Lewis County schools monitoring state funding - WGEM.com: Quincy News, Weather, Sports, and Radio

Lewis County schools monitoring state funding

Technology has become a big part of classrooms in the district. Technology has become a big part of classrooms in the district.
Students have Chromebooks to complete lessons on. Students have Chromebooks to complete lessons on.
Hinton said technology has helped many students learn about different career paths. Hinton said technology has helped many students learn about different career paths.
Funding could be impacted under the new budget. Funding could be impacted under the new budget.
LEWIS COUNTY, Mo. (WGEM) -

School funding for K-12 education in Missouri is one of the big topics in Governor Eric Greitens proposed budget for the 2019 fiscal year.

Local school district officials say they're not holding out much hope of the increased K-12 education funding that Missouri Governor Eric Greitens is promising.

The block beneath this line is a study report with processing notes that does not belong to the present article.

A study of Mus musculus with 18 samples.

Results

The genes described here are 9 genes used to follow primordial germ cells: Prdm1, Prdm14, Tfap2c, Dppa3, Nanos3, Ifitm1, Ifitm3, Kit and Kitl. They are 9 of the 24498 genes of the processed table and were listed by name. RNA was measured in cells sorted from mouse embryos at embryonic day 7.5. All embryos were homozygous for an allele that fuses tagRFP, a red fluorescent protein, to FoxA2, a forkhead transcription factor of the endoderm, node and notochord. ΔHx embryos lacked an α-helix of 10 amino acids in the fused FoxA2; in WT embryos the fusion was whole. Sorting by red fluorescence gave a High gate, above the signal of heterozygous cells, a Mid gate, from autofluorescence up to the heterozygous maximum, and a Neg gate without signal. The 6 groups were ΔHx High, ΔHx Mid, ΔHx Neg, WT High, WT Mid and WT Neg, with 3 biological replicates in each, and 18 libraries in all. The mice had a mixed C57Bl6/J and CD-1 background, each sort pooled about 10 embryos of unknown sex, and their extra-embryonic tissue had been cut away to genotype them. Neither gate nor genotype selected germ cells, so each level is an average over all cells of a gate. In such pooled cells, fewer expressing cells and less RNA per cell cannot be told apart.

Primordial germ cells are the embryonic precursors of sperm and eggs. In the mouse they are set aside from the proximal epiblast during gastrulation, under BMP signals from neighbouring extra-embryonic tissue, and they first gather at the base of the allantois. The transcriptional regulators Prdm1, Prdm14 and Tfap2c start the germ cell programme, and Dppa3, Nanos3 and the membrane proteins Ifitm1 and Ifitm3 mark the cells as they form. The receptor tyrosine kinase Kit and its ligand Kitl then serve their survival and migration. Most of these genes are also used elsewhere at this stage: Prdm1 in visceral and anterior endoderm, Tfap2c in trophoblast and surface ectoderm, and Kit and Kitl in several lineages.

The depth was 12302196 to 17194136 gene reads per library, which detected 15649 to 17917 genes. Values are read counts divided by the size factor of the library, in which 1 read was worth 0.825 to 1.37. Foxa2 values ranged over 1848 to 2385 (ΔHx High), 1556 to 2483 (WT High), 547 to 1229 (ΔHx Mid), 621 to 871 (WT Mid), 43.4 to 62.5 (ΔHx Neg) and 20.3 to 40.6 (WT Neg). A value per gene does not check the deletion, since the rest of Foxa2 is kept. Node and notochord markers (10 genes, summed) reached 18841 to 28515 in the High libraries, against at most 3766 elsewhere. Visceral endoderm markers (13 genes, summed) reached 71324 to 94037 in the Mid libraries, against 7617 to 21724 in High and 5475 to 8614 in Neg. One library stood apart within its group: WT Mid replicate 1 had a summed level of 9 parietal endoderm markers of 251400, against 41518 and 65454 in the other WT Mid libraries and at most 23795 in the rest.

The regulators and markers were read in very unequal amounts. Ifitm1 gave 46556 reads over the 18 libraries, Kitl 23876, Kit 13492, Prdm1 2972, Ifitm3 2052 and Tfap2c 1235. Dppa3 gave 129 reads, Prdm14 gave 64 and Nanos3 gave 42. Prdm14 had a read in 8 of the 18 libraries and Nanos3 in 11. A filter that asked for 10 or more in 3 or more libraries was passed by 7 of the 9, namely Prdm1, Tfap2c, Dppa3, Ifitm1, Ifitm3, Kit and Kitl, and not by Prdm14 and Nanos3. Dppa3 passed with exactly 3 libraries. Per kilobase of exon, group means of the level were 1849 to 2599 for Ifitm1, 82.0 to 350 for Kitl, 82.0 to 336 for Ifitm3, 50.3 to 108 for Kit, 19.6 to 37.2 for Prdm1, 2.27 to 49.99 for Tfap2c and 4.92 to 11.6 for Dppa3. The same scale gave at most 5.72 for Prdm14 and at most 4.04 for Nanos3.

Funding is an issue that concerns Tricia Hinton. She's a fourth grade teacher at Highland Elementary and said Thursday that technology plays a big role in her classroom.

"All the fourth graders have their own Chromebooks, and being able to use those everyday has dramatically changed the way we approach our curriculum, and our standards in our classroom everyday." Hinton said.

That technology could be impacted if state funding doesn't come through. While the state is looking at increasing funding for K-12 education, Superintendent John French said on Thursday that the overall funding for the Missouri Foundation Formula remains at a disadvantage.

"It's way underfunded." French said. "Over $500 million underfunded. So to say it's fully funded is because some definitions and things have been changed." 

With a push for school vouchers, and underfunded transportation, French added that the increase won't cover all of the hits public school funding would take.

"We're only getting $50 million added which wasn't enough to cover things as they are." French said. "So we just continue to compound the problem."

If that funding continues to shrink, classrooms like Hinton's where technology plays a big role could be impacted.

"That kind of levels the playing field between our rural and our urban counterparts." Hinton said. "So I would worry about that being taken away from us."

Superintendent French also said that while it remains early in the budget process, his district will continue to monitor the situation and be aware of any possible impacts.

While the Governor has revealed his budget for fiscal year 2019, that still has to go through both the senate and the house before it can be put into place.